Author: James Pugh
Source: Shropshire Star
The construction firm has completed the main works to the Welshpool Church in Wales Primary School that meets the rigorous energy efficiency standards required for Passivhaus certification.
Constructed around a timber frame that was sustainably sourced in Wales, the school has a superior level of insulation and was built to be airtight. It also has a heat recovery and ventilation system and solar panels on the roof to minimise running costs.
The school, which will open for 360 pupils in January, has been built as part of the council’s Strategy for Transforming Education in Powys. It is being funded by the Welsh Government 21st Century Schools Programme with 50 per cent of the cost coming from Powys County Council.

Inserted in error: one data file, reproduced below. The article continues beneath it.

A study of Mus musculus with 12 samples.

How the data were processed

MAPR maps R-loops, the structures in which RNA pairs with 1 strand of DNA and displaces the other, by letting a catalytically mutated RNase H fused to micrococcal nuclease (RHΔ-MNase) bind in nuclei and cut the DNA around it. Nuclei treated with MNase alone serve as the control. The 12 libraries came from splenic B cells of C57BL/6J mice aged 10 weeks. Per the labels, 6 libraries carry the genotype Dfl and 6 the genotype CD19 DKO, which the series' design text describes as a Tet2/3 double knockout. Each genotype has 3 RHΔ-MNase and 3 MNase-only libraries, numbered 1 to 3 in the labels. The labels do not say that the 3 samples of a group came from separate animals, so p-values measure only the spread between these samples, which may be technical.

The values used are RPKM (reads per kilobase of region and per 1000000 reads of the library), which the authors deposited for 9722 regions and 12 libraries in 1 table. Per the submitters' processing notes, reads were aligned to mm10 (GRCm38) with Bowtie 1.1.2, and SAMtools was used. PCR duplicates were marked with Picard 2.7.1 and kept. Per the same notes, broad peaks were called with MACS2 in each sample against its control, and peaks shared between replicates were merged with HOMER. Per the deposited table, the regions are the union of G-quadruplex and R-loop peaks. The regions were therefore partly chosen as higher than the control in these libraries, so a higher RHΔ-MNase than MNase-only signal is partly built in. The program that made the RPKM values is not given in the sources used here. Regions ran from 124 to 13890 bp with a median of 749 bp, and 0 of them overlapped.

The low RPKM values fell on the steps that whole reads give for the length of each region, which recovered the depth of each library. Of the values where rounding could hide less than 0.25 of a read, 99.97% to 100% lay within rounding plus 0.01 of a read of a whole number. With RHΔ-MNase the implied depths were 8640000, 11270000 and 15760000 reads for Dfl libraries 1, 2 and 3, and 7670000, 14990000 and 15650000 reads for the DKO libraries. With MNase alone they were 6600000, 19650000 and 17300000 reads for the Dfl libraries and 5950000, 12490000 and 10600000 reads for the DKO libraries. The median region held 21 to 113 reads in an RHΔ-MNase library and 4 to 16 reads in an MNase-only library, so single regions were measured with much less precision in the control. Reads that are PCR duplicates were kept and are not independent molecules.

The project is being delivered in partnership with Heart of Wales Property Services.
Pave Aways took over the build following the collapse of the original contractor Dawnus. The firm, which has its Welsh headquarters in Wrexham, is currently working on two other Passivhaus schemes for the council – 28 apartments in Newtown and six homes in Sarn that will provide affordable housing.
Steven Owen, managing director of Pave Aways, said: “This scheme will provide a contemporary and energy efficient school that will serve the children of Welshpool well for years to come.
“It has given a huge boost to the local economy, supporting a large number of jobs on site and through our supply chain, as well as upskilling many trades who had never worked on a Passivhaus scheme before.